Below is a summary of some of the significant legal and regulatory actions that occurred over the past week. This alert is not intended to be a comprehensive list of all such developments, but rather a selection of publicly-reported news that may be of particular interest.
San Francisco. The Federal Reserve Bank of San Francisco (the “FRBSF”) published an article last week that provides guidance to community banks on the risks associated with virtual currencies. The article provides an overview of the virtual currency landscape, noting that entities that engage in virtual currency transactions, including issuers, exchangers, and intermediaries, are increasing in number. Since these entities will often require access to traditional banking services, the FRBSF recommends that community banks familiarize themselves with the risks associated with offering their services to these customers.
The FRBSF specifically flagged the categories of compliance risk, reputational risk, credit risk, and operational risk, with compliance risk being the most significant. According to the FRBSF, the frequent lack of visibility into virtual currency transactions makes it more difficult for banks to determine the legality of a customer’s activities. The article contends that this lack of transparency means financial institutions will need to engage in more due diligence and monitoring in order to understand a customer’s activities. And since the U.S. Financial Crimes Enforcement Network has designated certain virtual currency related activity as money transmission, the FRBSF suggested that banks are expected to monitor these entities as they would other money transmitters, with heightened due diligence expectations.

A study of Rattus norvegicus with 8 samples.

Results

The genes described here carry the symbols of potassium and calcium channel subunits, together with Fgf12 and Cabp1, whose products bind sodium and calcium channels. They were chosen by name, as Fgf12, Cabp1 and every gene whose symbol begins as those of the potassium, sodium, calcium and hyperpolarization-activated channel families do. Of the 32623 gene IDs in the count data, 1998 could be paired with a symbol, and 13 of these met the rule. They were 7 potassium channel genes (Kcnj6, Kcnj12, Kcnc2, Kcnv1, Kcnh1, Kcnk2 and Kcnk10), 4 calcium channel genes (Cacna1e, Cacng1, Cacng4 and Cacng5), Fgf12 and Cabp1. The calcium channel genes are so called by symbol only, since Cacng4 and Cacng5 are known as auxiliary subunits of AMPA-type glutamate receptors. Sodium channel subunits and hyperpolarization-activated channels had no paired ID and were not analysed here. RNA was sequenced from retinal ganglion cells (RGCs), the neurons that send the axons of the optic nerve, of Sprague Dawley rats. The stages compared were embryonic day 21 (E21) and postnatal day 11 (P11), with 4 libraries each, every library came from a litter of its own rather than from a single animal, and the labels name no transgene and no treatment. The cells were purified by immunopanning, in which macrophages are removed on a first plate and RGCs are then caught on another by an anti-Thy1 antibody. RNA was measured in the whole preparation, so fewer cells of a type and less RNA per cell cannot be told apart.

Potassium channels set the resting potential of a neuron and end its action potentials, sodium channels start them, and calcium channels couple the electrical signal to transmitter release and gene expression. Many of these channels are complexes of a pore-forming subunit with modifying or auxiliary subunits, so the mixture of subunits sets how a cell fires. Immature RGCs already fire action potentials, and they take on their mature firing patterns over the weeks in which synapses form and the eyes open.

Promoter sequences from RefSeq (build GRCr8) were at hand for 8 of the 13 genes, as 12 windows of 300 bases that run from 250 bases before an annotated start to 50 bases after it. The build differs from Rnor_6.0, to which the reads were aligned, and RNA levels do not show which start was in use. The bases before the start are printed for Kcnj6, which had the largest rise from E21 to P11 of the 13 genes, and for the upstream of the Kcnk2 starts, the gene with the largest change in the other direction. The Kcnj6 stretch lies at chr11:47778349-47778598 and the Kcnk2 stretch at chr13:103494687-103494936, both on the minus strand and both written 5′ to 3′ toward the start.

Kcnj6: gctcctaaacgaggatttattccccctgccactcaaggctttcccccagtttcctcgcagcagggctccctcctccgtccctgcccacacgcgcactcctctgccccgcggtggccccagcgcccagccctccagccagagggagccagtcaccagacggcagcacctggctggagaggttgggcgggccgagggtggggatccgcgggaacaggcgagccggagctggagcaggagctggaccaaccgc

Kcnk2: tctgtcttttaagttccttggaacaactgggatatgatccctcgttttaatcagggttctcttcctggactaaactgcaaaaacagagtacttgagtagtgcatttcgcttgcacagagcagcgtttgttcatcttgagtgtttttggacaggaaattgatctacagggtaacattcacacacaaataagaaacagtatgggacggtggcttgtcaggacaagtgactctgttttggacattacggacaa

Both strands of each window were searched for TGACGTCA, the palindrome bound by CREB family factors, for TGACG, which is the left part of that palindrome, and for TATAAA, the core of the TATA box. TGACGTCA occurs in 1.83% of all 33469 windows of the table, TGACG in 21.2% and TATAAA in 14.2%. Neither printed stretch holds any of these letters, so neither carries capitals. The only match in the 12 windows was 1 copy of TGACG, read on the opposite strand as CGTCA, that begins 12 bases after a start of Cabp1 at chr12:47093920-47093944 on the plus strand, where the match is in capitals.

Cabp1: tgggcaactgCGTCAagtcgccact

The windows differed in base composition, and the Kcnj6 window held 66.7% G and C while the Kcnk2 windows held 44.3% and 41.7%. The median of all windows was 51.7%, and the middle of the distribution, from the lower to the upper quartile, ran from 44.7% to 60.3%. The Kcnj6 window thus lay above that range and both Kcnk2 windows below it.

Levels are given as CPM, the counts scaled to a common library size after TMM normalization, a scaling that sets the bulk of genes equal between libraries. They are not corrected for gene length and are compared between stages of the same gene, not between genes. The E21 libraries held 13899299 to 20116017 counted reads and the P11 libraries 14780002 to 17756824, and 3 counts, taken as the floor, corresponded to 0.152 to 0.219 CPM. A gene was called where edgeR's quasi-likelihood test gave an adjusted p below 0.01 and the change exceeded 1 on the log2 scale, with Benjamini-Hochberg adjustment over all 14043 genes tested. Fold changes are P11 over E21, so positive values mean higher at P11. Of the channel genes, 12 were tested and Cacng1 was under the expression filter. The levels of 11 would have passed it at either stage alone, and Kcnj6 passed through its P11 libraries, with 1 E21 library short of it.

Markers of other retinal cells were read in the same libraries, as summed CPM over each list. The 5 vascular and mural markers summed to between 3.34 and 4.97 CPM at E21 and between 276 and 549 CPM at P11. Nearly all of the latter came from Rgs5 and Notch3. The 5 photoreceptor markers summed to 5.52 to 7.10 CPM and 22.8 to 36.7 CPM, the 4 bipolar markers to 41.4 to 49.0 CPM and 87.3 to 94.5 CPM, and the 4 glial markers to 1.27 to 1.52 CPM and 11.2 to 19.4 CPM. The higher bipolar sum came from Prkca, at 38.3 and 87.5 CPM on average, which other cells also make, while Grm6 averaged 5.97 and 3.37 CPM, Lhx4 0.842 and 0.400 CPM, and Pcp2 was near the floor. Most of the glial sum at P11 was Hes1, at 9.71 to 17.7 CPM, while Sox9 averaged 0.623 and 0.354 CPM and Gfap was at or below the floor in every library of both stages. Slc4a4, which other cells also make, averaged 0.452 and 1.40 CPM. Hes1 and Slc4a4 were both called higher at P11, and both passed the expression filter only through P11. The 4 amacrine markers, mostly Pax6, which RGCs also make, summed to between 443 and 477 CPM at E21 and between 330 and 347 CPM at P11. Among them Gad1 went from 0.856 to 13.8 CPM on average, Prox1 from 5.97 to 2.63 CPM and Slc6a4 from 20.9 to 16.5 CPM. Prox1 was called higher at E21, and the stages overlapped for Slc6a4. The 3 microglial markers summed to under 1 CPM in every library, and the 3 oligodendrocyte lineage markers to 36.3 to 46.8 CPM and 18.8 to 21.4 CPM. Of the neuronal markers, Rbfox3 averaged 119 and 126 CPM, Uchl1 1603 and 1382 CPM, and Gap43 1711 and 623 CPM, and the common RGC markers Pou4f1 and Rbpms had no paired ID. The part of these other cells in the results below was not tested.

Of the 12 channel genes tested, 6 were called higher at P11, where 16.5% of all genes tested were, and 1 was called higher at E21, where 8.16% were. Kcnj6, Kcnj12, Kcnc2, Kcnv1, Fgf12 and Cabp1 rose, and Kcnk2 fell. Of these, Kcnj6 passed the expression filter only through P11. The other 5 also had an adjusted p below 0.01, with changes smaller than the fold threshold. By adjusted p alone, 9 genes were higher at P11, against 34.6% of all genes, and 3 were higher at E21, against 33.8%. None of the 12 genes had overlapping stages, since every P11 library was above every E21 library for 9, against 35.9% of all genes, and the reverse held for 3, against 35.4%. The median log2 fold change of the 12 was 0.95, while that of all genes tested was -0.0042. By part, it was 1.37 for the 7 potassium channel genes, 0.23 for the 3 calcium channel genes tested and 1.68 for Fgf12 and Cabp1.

The FRBSF also advised banks to consider the reputational risk associated with doing business with a failed virtual currency customer, such as Mt. Gox; credit risk associated with securing loans with virtual currencies; and operational risk associated with owning virtual currency. With respect to credit risk, the FRBSF advised banks to carefully craft loan agreements so that in the event of default, the bank will have access to the borrower’s virtual wallet. To mitigate operational risks associated with owning virtual currency, the FRBSF advised banks to liquidate the currency as soon as possible and maintain internal controls to deal with the risk of loss.